Pension age and social care
The Government has just announced that the UK State Pension age will increase faster than previously expected. By 2039, nobody will be able to start their state pension before the age of 68. This affects people born between 1970 and 1978 who would be eligible to receive their state pension at age 67 under the current planned timetable.
This rise was recommended by John Cridland’s recent official review of State Pension age and is based on forecasts of average longevity. As ‘average’ life expectancy is rising, and the Government needs to control State Pension costs, the state pension age keeps rising. This will save around £75billion to future taxpayers.
However, it does not take any account of the significant differences in life expectancy across the country, between social classes and also between occupations. The current national insurance system makes no allowance for people who will not live long enough to reach state pension age, or who will die soon afterwards.
National insurance amounts to over 25% of salary for most people, yet some will get little or no pension even if they have contributed for the full 35 years. Of course, as life expectancy and health improve, most people should be able to wait longer for their state pension. But what about those who cannot?
I would like to see more flexibility in state pension age: perhaps with a flexible band of ages at which the pension could start, or perhaps allowing people to take their state pension at a lower age, either because they are seriously ill or because they have worked for more than 50 years.
People might be allowed to start their pension between the ages of 65 and 70 – perhaps even with the rate they receive being adjusted for early access. This would be much fairer to more disadvantaged people, allowing them a choice they are currently denied. There might also be earlier receipt for people who have, say, 50 years worth of National Insurance contributions. For example, if they had left school at 16 and contributed for 50 years, perhaps they could get their pension at age 66.
At the moment, the state pension is flexible only for those who are healthy and wealthy enough not to need to take it at state pension age. If they can afford to wait longer, they can get a higher state pension; but if they cannot manage until that age, it is just too bad. They cannot get a lower pension, they will get not a penny earlier. Is this the best we can do?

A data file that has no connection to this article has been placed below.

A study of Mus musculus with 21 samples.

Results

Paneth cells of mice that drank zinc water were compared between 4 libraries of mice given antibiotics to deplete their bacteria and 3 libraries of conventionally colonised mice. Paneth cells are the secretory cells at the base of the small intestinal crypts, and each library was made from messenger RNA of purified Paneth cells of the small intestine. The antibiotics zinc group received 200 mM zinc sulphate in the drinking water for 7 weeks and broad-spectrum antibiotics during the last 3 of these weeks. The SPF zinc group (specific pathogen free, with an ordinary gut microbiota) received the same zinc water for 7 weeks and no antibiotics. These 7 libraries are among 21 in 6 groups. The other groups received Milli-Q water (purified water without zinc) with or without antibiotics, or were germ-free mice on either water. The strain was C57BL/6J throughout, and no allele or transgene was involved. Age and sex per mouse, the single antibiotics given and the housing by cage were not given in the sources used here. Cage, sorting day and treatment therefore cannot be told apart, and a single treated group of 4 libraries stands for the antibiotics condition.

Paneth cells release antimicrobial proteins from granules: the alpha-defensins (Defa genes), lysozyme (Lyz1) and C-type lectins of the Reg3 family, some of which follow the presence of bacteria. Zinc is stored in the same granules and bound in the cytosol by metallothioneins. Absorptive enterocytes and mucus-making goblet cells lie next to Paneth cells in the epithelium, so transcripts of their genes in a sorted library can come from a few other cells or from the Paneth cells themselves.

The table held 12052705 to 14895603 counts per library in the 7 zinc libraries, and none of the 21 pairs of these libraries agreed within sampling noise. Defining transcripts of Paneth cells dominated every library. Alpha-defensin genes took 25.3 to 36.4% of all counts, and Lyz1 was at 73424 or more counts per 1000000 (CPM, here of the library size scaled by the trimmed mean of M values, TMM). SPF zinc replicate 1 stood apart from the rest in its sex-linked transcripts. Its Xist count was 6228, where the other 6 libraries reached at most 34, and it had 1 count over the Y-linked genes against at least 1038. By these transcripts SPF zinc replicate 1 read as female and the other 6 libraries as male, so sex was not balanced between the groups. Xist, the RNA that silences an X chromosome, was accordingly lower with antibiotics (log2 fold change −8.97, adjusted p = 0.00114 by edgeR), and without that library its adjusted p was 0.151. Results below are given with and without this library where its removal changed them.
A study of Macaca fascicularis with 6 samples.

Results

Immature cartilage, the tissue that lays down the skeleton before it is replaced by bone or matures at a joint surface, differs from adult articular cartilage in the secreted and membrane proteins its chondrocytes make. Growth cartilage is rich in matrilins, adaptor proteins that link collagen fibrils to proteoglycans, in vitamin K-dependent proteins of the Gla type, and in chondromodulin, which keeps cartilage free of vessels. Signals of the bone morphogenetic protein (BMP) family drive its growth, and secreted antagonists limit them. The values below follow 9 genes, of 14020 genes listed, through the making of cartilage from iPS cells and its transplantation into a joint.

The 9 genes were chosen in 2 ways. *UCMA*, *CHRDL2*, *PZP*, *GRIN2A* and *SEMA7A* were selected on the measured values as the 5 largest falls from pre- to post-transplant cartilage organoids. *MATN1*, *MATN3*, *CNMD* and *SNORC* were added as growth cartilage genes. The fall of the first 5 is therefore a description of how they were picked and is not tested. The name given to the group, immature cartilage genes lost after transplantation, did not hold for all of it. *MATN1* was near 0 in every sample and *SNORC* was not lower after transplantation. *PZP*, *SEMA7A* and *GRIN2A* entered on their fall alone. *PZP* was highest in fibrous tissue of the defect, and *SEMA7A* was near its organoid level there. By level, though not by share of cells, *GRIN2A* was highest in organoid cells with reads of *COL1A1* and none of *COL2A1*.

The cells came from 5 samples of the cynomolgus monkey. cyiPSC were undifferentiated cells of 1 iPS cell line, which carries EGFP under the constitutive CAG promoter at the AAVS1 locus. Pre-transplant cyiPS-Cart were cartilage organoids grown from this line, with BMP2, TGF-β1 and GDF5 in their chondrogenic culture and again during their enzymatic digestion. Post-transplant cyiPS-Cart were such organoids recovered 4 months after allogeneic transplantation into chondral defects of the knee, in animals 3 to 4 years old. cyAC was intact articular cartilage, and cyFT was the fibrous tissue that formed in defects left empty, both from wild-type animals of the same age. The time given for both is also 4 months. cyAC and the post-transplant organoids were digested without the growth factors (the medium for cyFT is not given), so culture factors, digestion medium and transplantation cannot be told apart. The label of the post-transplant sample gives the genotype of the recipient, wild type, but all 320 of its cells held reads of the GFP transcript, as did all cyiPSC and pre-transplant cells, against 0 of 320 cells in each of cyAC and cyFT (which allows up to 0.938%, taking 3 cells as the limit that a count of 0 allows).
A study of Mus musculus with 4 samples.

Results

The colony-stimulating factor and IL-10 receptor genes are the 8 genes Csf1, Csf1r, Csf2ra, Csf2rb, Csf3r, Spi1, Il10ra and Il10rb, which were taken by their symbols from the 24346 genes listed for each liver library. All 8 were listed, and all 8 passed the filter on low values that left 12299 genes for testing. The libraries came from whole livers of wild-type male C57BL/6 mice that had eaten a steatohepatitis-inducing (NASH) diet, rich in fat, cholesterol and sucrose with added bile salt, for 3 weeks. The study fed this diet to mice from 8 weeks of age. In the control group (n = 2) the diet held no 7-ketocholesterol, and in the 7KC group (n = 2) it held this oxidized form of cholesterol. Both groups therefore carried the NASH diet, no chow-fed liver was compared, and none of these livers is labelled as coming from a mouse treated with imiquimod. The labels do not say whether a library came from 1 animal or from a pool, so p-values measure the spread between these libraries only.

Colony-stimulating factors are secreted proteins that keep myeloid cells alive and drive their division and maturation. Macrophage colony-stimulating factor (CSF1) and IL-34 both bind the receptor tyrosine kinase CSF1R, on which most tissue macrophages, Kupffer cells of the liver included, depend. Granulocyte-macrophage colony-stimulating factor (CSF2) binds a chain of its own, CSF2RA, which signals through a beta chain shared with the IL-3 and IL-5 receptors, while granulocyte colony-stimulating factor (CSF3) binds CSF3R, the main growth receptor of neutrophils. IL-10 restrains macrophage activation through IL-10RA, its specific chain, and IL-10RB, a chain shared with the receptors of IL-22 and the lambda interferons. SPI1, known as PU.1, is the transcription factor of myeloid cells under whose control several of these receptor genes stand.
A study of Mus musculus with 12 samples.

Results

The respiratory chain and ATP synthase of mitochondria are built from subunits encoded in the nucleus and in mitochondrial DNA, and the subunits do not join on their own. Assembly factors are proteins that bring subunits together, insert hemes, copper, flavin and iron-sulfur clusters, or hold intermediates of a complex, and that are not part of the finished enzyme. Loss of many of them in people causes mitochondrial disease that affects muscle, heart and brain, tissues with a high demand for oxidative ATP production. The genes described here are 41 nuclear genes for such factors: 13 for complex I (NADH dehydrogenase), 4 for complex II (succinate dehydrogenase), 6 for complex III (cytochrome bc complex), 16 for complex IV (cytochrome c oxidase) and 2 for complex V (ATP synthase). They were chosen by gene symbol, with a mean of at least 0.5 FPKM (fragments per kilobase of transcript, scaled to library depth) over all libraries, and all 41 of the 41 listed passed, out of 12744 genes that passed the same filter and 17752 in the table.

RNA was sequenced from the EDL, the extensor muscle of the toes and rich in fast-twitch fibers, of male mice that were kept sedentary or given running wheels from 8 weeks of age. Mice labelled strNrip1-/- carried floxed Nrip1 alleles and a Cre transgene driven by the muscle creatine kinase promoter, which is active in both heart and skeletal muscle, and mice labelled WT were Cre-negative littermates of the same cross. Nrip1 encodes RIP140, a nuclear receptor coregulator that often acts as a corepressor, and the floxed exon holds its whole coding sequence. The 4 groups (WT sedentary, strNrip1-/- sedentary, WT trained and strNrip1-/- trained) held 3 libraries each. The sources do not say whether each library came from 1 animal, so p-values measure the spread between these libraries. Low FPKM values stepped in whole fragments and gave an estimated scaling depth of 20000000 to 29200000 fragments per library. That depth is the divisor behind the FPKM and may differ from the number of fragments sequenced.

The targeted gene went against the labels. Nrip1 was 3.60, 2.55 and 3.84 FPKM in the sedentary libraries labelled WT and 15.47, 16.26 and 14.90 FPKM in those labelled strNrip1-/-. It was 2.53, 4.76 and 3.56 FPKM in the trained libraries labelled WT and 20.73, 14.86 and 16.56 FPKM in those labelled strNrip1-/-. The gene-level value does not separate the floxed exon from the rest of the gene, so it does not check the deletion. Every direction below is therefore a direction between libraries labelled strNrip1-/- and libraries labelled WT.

It is true, as John Cridland says, that there would be some difficulties in this approach, but just because a policy is challenging does not mean it is wrong. The central issue here is whether the state pension should be run on a one-size-fits-all approach, based purely on estimates of the “average”, or whether it should have some flexibility to account for people’s increasingly flexible lives.
Yes, it is great news that more people are living longer. And most people can work longer – but surely we can find ways to include those who are unable to do so, and who have much lower-than-average lifespans.
I would like to stress, though, that I do not agree that the state pension age should never rise above age 66, as proposed by the Labour party. And the cost of allowing everyone to get a full pension at 66 for decades to come would be too much of a burden on younger generations in our pay-as-you-go national insurance system.
Clearly, many people will want to work longer, and can wait for their state pension. However, it would be fairer to allow some to choose to take a pension sooner, if they really need to.
We need to move away from the idea of just one “magic” age at which people should aim to stop working and live on a state pension. A band of ages would take us from this one-age notion and would accommodate the reality of 21st-century retirement, which is that people will increasingly move from full-time work, to part-time work, before stopping altogether.
The more we can encourage this kind of “pretirement” phase, the better it will be for our ageing population. Individuals who can work flexibly in later life can achieve higher lifetime incomes, can boost overall economic activity, and could have more money to spend in their advanced older age.
Finally, the current state pension system offers no help for social care. If William Beveridge was designing our national insurance arrangements now, he would surely make provision for care needs in advanced old age, rather than assuming that the only income for retirement the state needs to pay is a state pension.
Incorporating social care into national insurance would offer an opportunity for the government to rethink state pension age and overall retirement provision, and take account of individual needs. Leaving out those who have been hard manual labourers for all their working lives, or who have a much shorter life expectancy, may need to change.
Future reviews of social care and state pension age would provide a chance to reconsider these issues. A fairer level of social support in retirement would be a major improvement on the current situation. Just promising a ‘triple lock’ on parts of the state pension is not enough for pensioners. It’s time to think again on how we help older people.